Despite early concerns over the changes to New York’s election laws for 2019, local commissioners regard this first run a success. Yates County Election Commissioners Robert Brechko (Democratic) and Robert Schwarting (Republican) say the first run in the local elections was not only a success, but was a valuable introduction to the new processes before 2020’s big election. 

Chapter 6 of the election laws of 2019 requires nine days of early voting in New York State, first applying to this year’s Nov. 5 general election. Early voting began in October, allowing voters to cast their ballots early and have those ballots count on Election Day rather than as Absentee Ballots, which are counted after each election. This applies to all primary, general, run-off primary, or special elections held hereafter. According to the state Board of Elections, $10 million was made available to county boards for reimbursement of costs related to early voting.

An earlier version of the bill was amended to allow smaller counties to operate a single, central, early voting site after commissioners all over the state joined in expressing their fears it would become a nightmare both in staffing and costs if the state applied the same requirement for every polling station to be open as they did for cities. 

The Clerk’s Closing Room in the Yates County Office Building was established as the one site, with sample ballots and an informational table set up in the main lobby. Election Inspectors were on hand to assist voters directly with the newly acquired electronic polling books and on-demand ballot printers. Election inspectors will also use E-poll books for maintenance of records at all 18 polling sites on election day itself. A state contract funded by $14.7 million in the budget financed the purchase of the E-poll books.

Schwarting says that for a county like Yates, the State overestimated the needs. “Nine days was two days too long,” says Schwarting, which impacted the staff’s ability to prepare for Election Day. “Particularly that last Sunday,” added Brechko. In all, 474 Yates County voters took advantage of the early voting option by the end of polling Sunday.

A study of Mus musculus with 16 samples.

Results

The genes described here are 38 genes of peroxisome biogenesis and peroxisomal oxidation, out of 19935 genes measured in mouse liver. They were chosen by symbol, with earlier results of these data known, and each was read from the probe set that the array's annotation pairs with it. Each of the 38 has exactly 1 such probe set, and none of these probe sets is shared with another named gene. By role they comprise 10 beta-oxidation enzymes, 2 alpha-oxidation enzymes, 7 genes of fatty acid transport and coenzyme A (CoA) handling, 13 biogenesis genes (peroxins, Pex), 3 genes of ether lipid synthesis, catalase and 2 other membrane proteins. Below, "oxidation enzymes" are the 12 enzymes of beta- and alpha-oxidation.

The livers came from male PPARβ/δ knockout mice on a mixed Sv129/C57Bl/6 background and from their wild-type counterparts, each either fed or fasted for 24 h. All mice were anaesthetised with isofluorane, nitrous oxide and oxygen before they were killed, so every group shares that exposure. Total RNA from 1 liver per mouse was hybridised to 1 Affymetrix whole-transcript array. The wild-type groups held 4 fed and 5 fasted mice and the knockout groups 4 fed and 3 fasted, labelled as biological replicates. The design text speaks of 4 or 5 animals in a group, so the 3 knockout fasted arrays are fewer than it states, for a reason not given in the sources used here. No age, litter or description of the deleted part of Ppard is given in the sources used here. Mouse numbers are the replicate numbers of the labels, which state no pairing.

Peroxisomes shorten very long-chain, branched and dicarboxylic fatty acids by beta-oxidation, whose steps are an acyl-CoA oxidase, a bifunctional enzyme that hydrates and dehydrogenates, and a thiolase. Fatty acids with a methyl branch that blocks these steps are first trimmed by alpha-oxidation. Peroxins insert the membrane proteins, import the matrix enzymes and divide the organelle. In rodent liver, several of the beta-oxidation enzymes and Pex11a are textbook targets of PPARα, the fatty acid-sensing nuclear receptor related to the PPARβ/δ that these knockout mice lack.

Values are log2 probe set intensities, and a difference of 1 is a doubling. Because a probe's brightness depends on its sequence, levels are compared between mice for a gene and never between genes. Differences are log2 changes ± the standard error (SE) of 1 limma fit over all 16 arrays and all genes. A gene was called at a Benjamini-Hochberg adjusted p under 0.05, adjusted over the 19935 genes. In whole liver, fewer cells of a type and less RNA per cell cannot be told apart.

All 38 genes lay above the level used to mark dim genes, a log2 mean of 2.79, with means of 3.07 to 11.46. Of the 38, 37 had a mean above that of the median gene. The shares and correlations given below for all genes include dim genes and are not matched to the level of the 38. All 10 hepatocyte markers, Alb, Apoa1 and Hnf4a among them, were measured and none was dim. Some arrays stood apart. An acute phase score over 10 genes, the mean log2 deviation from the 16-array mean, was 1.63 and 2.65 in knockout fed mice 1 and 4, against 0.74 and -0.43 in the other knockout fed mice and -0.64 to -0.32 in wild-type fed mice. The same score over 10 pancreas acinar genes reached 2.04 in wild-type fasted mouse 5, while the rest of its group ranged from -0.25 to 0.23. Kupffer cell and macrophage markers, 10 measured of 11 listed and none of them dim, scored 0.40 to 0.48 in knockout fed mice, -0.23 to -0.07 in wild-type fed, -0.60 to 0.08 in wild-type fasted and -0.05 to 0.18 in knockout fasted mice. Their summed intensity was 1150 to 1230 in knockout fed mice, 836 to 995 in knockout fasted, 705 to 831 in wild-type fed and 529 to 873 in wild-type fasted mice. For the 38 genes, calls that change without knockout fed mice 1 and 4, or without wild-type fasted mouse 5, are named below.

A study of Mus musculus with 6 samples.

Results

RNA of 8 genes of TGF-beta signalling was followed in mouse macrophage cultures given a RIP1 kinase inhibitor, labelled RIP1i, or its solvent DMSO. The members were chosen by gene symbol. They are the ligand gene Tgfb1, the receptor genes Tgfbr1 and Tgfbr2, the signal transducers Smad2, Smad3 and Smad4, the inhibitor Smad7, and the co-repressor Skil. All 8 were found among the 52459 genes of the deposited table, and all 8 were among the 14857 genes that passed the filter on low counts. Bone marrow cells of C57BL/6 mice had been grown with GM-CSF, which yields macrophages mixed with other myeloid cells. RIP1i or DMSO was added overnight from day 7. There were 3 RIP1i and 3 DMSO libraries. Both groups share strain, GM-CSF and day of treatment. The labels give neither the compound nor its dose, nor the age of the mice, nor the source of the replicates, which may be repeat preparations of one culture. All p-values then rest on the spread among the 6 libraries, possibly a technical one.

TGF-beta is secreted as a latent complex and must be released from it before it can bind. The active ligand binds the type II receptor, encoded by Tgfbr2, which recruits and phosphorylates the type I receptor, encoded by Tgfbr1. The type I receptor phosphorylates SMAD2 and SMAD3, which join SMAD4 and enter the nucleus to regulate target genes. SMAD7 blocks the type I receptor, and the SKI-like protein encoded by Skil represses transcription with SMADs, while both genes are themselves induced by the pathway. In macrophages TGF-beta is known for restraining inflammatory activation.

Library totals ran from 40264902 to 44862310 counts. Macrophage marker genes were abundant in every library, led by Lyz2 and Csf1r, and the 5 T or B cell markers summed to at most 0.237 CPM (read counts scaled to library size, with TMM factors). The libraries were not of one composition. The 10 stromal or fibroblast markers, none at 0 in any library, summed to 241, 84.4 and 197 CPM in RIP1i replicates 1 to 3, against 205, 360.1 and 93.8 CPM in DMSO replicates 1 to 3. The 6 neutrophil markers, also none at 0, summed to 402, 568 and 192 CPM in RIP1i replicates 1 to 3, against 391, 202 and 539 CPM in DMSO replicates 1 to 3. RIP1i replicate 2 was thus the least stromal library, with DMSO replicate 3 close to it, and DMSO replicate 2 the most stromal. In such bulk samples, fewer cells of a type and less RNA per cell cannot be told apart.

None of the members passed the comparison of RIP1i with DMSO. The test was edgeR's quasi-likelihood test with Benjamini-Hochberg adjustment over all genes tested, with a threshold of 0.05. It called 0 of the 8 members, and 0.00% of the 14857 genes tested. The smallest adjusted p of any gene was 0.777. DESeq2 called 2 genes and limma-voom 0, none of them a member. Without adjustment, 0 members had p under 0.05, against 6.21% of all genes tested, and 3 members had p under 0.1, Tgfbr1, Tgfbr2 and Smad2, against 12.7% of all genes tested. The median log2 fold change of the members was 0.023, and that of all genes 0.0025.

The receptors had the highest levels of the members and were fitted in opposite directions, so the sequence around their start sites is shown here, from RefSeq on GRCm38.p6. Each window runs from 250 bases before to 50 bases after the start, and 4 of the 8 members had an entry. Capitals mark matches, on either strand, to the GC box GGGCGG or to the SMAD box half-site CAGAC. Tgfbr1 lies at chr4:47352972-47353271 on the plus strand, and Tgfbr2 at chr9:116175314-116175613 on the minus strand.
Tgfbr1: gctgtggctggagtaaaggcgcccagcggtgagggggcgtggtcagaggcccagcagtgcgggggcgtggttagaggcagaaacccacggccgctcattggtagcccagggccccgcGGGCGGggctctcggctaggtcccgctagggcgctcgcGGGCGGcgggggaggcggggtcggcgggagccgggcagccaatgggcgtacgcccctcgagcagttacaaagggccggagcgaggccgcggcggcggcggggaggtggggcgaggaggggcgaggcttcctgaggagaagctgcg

“The state set us up for twice as many (voters) as we needed,” says Schwarting. “We never had more than three people in line, and that was only at the beginning of the day when we opened the doors.” Schwarting also criticized the eight parking spots the state required be reserved for voters in the very busy county lot. Searching for parking and making their way into the building is included in the 30-minute voting window the state has set as a performance target for each voter to need to cast their ballot. “We could easily have done with four spaces,” says Schwarting adding that no voter came anywhere near that 30-minute mark.

“We’re very glad to have to have done it,” continued Schwarting. “We were able to set up the procedures and practice with the e-poll books. It became much easier being able to trouble shoot with the vendor for the few problems we had. It was a good trial run.”

Brechko and Schwarting both praised the efforts of the election inspectors, saying that comments from the public were all very positive. “They loved the process. We have a great crew, super people, but we could use another 20 of them,” says Schwarting, referring to the need for more poll workers to share the load in the 2020 election season.